Those gorgeous leaves in all their shades of yellow, orange and red have started to fall. Eventually they will dry out, turn brown and litter the ground.
There are lots of things you can do with them, but please don't put them into storm drains in the street.
Storm drains are designed to collect rainwater and stormwater, not grass clippings, leaves, trash and other yard debris. Such items can accumulate, effectively creating a dam that prevents water from moving properly. When drains get clogged, that can lead to flooding, particularly in urban areas.
Here are some things you can do to keep leaves out of storm drains and put them to good use.
Use them to mulch your plants. One of the best mulches on the market — pine needles — is essentially plant waste. Pine needles are gathered and sold at a premium. So why not use your own plant waste — leaves.
Leaves help retain moisture in the soil around your plants, insulate plant roots during cold weather, and provide organic matter and nutrients to your plant as the leaves decompose. Additionally, you save money on mulch, and you don’t have to bag leaves and carry them to the curb on trash day. It’s a much better alternative.
Use the mulching blade on your lawn mower to finely chop leaves. The leaf pieces will fall down into the turf and decompose, becoming organic matter for the grass. However, over time, this can create excessive thatch — organic matter that accumulates at the base of the grass plants just above the roots — which can cause root problems and lawn mower difficulties. So pick your battles.
Make compost. It’s an easy process.
Designate an area in your yard for collecting compost items, such as grass clippings, leaves, kitchen vegetable waste, coffee grounds, paper and eggshells. Contain the area with some type of boundary, such as woven wire, wood or concrete blocks. You can also buy plastic composting bins of various sizes.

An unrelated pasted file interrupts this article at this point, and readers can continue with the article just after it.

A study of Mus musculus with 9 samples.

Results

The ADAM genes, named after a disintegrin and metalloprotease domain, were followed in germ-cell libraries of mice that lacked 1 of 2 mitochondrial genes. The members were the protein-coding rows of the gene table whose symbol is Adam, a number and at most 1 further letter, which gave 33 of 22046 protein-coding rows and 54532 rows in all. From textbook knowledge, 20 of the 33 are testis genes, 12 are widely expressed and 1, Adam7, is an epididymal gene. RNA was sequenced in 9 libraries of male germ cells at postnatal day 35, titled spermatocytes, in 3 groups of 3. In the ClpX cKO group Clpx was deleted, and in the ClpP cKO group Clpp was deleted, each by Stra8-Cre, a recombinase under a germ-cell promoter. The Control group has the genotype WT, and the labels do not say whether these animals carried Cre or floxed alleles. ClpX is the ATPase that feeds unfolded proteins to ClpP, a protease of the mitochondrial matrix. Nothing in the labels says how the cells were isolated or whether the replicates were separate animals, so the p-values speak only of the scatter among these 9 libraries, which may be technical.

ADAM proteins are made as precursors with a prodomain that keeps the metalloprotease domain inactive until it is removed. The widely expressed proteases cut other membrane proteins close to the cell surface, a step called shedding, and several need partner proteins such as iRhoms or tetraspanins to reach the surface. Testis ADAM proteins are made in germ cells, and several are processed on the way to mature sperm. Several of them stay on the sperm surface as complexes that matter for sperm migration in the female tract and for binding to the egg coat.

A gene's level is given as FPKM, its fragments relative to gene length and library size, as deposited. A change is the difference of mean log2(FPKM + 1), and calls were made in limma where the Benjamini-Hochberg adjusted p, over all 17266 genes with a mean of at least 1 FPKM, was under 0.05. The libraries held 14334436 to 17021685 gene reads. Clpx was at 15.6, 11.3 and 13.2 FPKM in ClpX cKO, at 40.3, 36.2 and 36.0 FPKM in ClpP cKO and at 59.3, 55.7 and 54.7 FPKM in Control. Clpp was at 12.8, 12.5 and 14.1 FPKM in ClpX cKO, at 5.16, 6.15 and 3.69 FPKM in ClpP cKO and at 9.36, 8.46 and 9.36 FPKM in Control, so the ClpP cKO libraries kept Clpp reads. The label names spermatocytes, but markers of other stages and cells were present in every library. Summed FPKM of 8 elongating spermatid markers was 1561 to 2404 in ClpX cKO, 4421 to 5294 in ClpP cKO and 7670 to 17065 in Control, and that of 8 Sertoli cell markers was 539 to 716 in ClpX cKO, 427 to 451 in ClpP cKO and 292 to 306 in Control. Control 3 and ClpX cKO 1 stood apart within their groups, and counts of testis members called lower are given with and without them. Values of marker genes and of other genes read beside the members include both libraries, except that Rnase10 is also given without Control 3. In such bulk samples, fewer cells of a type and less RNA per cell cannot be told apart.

The rule of thumb is to use a 2:1 ratio of green to brown materials (that’s the carbon to nitrogen ratio). Green materials include such things as fresh grass clippings, plant clippings and kitchen scraps. Brown materials include fallen leaves, dried grass, wood and sticks, paper and straw.
To get started, add material in layers: brown material, then some soil or compost starter containing the microorganisms that will decompose the material, followed by more brown material. Layer in green material, which serves as a form of nitrogen and will help the microorganisms break down the carbon. Water is important for the process, but you do not want too much water. Turn your compost at least once a week if not more often. Compost is ready when it crumbles and feels like rich earth — dark brown and crumbly. It’s a great amendment for landscape beds and gardens.
As a last resort, you could rake and bag the leaves for pickup. But a better alternative is to give them to neighbors or friends who can use them for mulch or compost.
Ultimately, the idea is to keep leaves from clogging storm drains and contributing to flooding.